Tuesday, August 16, 2011

"7th Sigma" by Steven Gould


At the start of this book, I was pleased to see a quote from Kim by Rudyard Kipling, since that's one of my all-time favorite novels. But I was really surprised to turn the page and find that 7th Sigma starts exactly the same way, with a boy named Kim ("Kimball" in the earlier book, "Kimble" here) playing King of the Hill with other boys.

The similarities don't stop there. Steven Gould has crafted a story that's strongly reminiscent of Kipling's tale. And obviously, that's no accident. (Maybe Gould loves Kim as much as I do.)

Of course, the setting of 7th Sigma is completely different. Set in a near-future American Southwest, it actually feels more like the past. That's the result of a plague of self-replicating mechanical insects which have eliminated the use of metal - and electronics of any kind - throughout the region.

No one knows where the robotic "bugs" came from. But they eat all kinds of metal, and use it to create still more bugs. They're powered by sunlight (photovoltaic wings). And although they avoid water, they'll go through anything else to get to metal, so you don't want to be wearing metal filings in your teeth, an artificial hip, or a pacemaker. In fact, you don't want to be anywhere near metal.

Electromagnetic radiation will attract them even faster than metal will. But nothing causes them to swarm as abundantly as destroying one of them. Even accidentally crushing one is usually a death sentence, with bugs drilling through anything and everything in the area.

At first, the American military tried to fight back, but their high-tech weapons just fed the bugs. So now, the American Southwest is a territory with its own special lifestyle. People still live there, but without metal, without computers, without even radio. In many ways, they've returned to an earlier time.

Like his namesake in Kipling's novel, Kimble offers to guide a stranger and finds a friend and mentor. But rather than an innocent Tibetan monk, she's a martial arts instructor. Young Kimble isn't an orphan, but he might as well be, so she takes him under her wing.

Later, though he's still a child, Kimble starts working undercover for the Territorial Rangers. That, too, is strongly reminiscent of Kipling's tale. But Kimble's adventures are his own. And throughout the book, there's a deeper puzzle, the question of where the bugs came from. And perhaps,... where they're going.

7th Sigma caught my attention immediately, and kept it. I really couldn't put it down. I started it early last night and didn't stop reading until after midnight, when I finally read the last page. It's a quick, easy, entertaining adventure with a very sympathetic hero. But as I say, there's a deeper puzzle here.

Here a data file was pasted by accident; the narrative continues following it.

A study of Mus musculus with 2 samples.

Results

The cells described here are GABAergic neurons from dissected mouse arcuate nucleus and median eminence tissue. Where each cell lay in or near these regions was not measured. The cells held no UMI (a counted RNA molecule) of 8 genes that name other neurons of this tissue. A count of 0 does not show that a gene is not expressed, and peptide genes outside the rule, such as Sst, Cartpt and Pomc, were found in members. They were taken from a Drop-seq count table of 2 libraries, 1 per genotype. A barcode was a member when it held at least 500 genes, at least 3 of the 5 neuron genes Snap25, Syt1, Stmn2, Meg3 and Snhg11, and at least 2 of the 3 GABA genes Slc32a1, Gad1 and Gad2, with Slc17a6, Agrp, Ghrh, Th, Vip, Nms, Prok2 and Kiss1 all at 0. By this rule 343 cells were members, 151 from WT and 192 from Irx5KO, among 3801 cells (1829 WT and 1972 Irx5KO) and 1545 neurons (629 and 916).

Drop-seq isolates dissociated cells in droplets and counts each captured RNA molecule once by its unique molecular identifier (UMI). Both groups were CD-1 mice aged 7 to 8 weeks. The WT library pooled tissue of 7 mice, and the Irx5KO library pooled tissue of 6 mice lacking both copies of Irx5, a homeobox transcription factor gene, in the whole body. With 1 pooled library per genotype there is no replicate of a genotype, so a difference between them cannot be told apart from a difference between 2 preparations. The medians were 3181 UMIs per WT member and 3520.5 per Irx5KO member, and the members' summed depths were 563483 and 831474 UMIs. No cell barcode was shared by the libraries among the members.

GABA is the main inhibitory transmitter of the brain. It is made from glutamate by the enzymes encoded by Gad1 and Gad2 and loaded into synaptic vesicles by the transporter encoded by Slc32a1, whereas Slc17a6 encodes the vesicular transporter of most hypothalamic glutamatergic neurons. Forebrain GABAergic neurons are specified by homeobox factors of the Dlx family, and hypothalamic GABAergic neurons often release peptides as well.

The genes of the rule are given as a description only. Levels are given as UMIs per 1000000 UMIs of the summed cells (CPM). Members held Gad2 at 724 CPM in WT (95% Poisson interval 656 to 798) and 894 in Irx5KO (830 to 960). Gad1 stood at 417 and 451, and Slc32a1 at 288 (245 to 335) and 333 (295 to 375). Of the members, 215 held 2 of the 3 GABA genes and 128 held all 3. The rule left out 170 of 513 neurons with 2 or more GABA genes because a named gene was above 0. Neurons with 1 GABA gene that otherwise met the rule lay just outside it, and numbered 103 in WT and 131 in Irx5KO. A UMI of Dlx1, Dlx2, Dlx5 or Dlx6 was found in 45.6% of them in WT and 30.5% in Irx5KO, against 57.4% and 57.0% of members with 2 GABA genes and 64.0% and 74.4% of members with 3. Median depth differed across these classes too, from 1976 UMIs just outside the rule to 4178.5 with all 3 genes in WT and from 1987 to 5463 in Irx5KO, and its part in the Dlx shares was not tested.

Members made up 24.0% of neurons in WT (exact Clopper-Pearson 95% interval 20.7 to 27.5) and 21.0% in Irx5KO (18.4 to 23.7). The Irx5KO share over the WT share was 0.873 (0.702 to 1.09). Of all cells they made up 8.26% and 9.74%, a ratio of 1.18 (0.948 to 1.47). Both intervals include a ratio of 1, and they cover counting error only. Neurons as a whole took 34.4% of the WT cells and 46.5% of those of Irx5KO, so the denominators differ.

The bugs aren't just an excuse for a unique setting. There's clearly something else going on. There's some reason why they appeared, though we don't know what that might be. And it's obvious that we haven't seen the end result.

So I'm sure we haven't seen the last of Kimble, either. No doubt this is just the introduction. Yes, it's a complete book in itself, but I do expect to see Kimble again.

PS. This is the first book I've read by Steven Gould since I started this blog, so it's the first one I've reviewed here. But I've read almost everything he's written, and I haven't been disappointed even once. Admittedly, he's not very prolific. I really wish he'd write faster. But I certainly can't complain about how well he writes.

I would especially recommend Jumper (forget about the movie - seriously, just forget it) and Wildside. But all of his books are great fun, and that definitely includes 7th Sigma.

And, er, if you haven't read Rudyard Kipling's Kim, do yourself a favor and give that a try, too. True, it's not science fiction. But the cultures it depicts are so exotic and so alien to my own experience that it might as well be.

3 comments:

Unknown said...

I did not read the post; just glazed over to see if you recommended the book. It's not available at the library yet; I'm looking forward to it. Wildside is one of the better novels I've read in recent years.

Unknown said...

I don't know what I did to be unknown...a slip here or somewhere. I'm Ann J.

WCG said...

Hi, Ann. Yes, I do recommend the book. And yeah, I loved Wildside, too.

BTW, I don't normally put spoilers in my reviews. When I do, I clearly warn about them ahead of time.

But I understand wanting to read a book without any preconceptions, so it's probably not just spoilers you're worried about. That's quite reasonable.